Rick Parry, Premier League CEO ahead of the first ever Premier League match in 1992
Photo by Howard Boylan/Allsport/Getty Images

Details of Project Big Picture came to light yesterday, and have been met with immediate and strong resistance and criticism from just about all corners, from fans to organizers to the government.

The brainchild of Rick Parry, current chair of the EFL and the former founding CEO of the Premier League, and the owners of Liverpool and Manchester United, the proposal is being largely seen as a naked power grab by the top teams in the Premier League, while dangling the carrot of better financial support for the lower leagues. And while that may be a good thing for those teams in division 2-4 as well as non-league football — and apparently already has “majority support” in the EFL — it’s unlikely to gain much support, if any, from the other teams in the Premier League.

In fact, according to the Independent, even most of the remaining Big Six teams “have reservations” about the proposal. It’s not specified what those concerns may be, but it’s claimed that Chelsea, Arsenal, and Manchester City all have them, with only Spurs “supportive” of the efforts at the moment (possibly thanks to the stadium rebate they’d get, as per the Telegraph).

That said, the report makes it clear that even if this proposal is shot down, which it most likely will be (if it hasn’t been already), those behind it aren’t giving up. And some of its ideas are indeed worth exploring, such as restructuring the league to just 18 teams, trimming the fixture list by removing the League Cup, increasing the revenue sharing across all of English football, and figuring out a solution for B Teams or Loan Armies and the like.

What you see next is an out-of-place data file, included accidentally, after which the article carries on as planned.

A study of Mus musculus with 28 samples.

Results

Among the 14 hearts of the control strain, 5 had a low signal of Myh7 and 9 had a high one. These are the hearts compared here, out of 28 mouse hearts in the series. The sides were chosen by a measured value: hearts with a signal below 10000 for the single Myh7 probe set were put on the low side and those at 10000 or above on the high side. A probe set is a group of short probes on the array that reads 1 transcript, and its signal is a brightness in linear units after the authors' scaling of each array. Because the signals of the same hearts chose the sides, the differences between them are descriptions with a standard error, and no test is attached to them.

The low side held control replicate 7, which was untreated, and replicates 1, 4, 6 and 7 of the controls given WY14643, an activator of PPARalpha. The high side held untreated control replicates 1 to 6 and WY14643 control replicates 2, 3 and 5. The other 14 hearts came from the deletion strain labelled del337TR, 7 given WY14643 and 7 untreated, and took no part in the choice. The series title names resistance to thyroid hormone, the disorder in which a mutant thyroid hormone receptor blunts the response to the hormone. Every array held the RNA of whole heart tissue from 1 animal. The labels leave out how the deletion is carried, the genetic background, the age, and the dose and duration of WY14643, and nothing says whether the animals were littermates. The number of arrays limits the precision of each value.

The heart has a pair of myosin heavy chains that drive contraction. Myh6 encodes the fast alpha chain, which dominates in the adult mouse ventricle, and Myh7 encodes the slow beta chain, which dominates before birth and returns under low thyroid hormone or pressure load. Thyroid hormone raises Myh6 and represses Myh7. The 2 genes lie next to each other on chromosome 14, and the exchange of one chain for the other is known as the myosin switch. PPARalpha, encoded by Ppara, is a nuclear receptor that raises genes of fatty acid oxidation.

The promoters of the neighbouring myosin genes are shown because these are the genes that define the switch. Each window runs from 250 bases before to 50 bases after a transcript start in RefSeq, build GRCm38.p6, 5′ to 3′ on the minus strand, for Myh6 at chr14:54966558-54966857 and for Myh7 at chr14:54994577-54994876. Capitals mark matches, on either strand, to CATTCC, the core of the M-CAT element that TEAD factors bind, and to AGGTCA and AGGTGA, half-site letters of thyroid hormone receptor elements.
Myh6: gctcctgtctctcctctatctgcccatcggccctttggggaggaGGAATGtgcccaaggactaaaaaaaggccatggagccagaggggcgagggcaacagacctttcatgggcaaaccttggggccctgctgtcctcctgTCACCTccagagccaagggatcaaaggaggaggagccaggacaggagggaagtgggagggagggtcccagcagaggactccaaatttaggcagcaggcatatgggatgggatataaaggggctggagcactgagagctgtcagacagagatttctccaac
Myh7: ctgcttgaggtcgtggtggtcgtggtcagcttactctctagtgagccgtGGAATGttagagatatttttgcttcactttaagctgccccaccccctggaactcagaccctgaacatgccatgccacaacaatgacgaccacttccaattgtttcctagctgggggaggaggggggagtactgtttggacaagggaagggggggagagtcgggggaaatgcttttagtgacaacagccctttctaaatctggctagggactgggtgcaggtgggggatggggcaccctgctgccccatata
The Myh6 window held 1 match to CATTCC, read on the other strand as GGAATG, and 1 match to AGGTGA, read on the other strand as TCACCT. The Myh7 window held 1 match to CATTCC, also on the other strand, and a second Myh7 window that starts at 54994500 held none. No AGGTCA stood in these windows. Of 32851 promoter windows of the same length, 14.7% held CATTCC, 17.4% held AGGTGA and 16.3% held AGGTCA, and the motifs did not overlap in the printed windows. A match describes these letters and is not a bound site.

Whether we can achieve those reforms without tilting the balance of power even more in favor of the big teams is another question entirely however. Teams at the top end, and their owners, want to remove as much risk from their investments as possible, and the only way to do that is to practically remove the risk of relegation. If they can’t get that “at home”, might they consider more radical solutions? The idea of a European Super League is never far away, and probably getting ever closer, and it’s not hard to envision the top teams in all the leagues (not just in the Premier League), all of whom rely on an increasingly global fanbase, jumping ship one day from the traditional national pyramid structure to more of an international franchise model. It would be the next logical and perhaps inevitable step in the evolution of modern football.